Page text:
Entry, Pricing and Incentives: The Role of Regulatory Commitment
This paper studies the optimal regulatory policy in a market where entry may occur. The regulator regulates the incumbent, but not the entrant in the event of entry. We show that the effect of entry on prices and incentives for cost reduction depends on the extent of the regulator's commitment: if it is possible to commit to the chosen policy, then the market outcome following entry is less competitive than it would be without the possibility to commit: price is higher and incentives for cost reduction weaker.
If you experience problems downloading a file, check if you have the proper application to view it first. In case of further problems read the IDEAS help page. Note that these files are not on the IDEAS site. Please be patient as the files may be large.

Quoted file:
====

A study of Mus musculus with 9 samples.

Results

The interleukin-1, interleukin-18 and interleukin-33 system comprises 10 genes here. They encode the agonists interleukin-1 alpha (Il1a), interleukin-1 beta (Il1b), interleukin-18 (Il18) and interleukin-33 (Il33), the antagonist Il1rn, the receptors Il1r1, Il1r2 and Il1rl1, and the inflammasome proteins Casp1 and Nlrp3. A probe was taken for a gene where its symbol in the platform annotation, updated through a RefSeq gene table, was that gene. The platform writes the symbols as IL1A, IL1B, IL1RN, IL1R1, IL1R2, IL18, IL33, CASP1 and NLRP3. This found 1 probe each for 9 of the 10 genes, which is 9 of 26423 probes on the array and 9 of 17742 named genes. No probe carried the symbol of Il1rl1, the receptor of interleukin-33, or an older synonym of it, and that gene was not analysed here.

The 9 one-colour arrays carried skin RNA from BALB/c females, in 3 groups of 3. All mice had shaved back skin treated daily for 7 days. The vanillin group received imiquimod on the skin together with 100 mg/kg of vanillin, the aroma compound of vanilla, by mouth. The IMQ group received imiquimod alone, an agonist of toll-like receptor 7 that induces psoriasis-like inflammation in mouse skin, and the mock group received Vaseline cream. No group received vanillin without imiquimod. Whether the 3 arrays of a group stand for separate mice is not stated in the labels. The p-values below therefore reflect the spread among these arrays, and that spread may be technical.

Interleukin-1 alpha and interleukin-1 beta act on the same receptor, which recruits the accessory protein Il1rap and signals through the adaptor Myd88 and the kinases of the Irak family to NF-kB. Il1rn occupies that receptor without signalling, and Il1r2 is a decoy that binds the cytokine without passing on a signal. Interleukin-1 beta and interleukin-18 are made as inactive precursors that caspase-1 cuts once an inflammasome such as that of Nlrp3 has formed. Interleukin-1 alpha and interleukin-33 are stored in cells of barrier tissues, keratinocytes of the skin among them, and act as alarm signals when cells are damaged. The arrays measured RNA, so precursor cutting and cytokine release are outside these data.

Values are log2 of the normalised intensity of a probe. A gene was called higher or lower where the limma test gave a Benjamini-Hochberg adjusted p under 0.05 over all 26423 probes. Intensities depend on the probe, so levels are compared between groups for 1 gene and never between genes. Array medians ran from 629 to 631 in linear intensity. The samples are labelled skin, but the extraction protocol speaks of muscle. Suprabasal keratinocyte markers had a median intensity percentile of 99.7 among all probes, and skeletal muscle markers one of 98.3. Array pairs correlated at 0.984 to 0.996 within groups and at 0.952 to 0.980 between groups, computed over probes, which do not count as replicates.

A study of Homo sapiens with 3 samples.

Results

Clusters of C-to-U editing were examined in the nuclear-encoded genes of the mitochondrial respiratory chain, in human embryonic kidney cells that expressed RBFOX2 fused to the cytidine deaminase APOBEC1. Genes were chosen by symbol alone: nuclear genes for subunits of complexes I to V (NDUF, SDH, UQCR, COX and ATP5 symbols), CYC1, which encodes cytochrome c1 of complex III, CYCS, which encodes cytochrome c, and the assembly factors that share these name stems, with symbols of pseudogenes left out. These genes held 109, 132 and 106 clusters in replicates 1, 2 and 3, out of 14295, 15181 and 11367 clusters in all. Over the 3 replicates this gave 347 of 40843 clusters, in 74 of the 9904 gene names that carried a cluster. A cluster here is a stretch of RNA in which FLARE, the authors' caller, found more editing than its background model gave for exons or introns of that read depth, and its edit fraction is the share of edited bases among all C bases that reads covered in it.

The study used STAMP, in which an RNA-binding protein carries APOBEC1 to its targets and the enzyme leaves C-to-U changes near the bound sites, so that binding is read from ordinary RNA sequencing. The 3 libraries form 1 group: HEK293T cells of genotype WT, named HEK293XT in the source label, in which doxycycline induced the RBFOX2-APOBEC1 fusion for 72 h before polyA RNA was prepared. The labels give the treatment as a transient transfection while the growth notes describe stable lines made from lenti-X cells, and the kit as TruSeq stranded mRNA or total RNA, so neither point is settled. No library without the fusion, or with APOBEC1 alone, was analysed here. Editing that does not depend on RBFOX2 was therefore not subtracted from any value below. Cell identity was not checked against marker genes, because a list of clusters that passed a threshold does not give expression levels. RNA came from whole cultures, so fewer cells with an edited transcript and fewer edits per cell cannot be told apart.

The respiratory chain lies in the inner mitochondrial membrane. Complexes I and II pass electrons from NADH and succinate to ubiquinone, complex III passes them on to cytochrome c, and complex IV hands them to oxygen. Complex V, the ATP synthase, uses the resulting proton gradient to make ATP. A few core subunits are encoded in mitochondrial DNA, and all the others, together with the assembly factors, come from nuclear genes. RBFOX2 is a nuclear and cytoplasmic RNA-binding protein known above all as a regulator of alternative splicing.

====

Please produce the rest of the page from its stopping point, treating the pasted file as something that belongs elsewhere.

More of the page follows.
As the access to this document is restricted, you may want to look for a different version under "Related research" (further below) or search for a different version of it.
|Date of creation:||Dec 1994|
|Contact details of provider:|| Postal: Centre for Economic Policy Research, 77 Bastwick Street, London EC1V 3PZ.|
Phone: 44 - 20 - 7183 8801
Fax: 44 - 20 - 7183 8820
|Order Information:|| Email: |
When requesting a correction, please mention this item's handle: RePEc:cpr:ceprdp:1078. See general information about how to correct material in RePEc.
For technical questions regarding this item, or to correct its authors, title, abstract, bibliographic or download information, contact: ()
If references are entirely missing, you can add them using this form.